Eroding inflation data and fast-changing views in financial markets on Monday have opened the door to a larger-than-expected three-quarter-percentage point interest rate increase when Federal Reserve officials meet this week.
It is a move officials had downplayed as their two-day meeting approached over recent weeks, but which they now may be poised to adopt in response to data that has yet to show progress on taming the pace of price increases. The growing possibility of a surprise move was reported earlier on Monday by the Wall Street Journal, helping to further push trade in future contracts tied to Fed policy in that direction.
Fed officials have not commented publicly since the start of their pre-meeting "blackout" period on June 4, and prior to that had said they were leaning toward a second straight half-point rate increase at their June 14-15 policy meeting.
But that outlook was conditioned on, as Fed Chair Jerome Powell said at his May press conference, "economic and financial conditions evolving broadly in line with expectations. ... Expectations are that we’ll start to see inflation, you know, flattening out."
Instead, Labor Department data released on Friday for May showed consumer price inflation accelerating to 8.6%. An alternate "trimmed mean" measure from the Cleveland Federal Reserve Bank that the Fed watches also accelerated, a sign that price pressures are broad and not limited to outlying groups of goods or services with particularly large price hikes.
Meanwhile, on Friday and Monday an array of measures of inflation expectations moved in the wrong direction for a Fed that has said it is particularly sensitive to loosing a grip on public psychology around price pressures.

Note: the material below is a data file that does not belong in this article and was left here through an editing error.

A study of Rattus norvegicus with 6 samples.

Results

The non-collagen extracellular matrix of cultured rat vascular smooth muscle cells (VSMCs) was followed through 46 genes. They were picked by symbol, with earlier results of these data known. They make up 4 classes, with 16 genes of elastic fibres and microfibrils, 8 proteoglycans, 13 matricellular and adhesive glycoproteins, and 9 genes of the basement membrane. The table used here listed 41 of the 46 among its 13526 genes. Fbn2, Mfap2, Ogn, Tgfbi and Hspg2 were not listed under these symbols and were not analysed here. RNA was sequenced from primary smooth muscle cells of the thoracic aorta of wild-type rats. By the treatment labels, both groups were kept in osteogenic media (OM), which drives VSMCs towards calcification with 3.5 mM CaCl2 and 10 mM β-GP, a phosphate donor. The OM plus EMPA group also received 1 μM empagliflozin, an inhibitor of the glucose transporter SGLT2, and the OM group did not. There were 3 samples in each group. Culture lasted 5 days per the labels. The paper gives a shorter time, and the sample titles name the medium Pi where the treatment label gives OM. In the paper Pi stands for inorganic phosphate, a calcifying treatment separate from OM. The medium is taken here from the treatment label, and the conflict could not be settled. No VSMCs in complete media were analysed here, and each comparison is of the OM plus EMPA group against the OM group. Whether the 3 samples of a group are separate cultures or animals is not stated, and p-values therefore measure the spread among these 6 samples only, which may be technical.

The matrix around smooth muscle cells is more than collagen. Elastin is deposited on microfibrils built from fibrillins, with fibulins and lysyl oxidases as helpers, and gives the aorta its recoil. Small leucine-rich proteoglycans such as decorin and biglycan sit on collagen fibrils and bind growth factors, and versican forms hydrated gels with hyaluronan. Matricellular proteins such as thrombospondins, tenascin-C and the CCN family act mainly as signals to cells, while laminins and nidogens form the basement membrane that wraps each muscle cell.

Markets throughout Monday quickly repriced, with traders in contracts tied to the federal funds rate by late Monday betting with near certainty on a three-quarter-point increase, which would be the first hike that large since November 1994.
A decision will not be made until the close of the meeting on Wednesday after what is likely to be a full debate about the risks that faster rate hikes might tip the economy into a recession, and the risks they might pose to the Fed's own credibility after leaning hard on half-point increases as adequate for now.
The Fed has at times in the past both driven market repricing to suit its needs and used market moves as an opening to align its own policy.
In this case, data shifting the inflation outlook came in at a time when Fed officials were proscribed by internal rules from speaking out publicly on how it affected their outlook.
Several media reports, following the initial report in the Wall Street Journal, also signaled the possibility of a larger hike, however, and markets began moving as a result, with several high-profile Fed analysts, including those at institutions like JP Morgan and Goldman Sachs joining in.
"Until and unless we see some kind of unofficial clarification, we are forced to take the reports at what we think is face value," said ISI Evercore Vice Chair Krishna Guha, who had been sticking with projections of a half-point hike. "It looks like we were wrong and 75 is after all likely this week."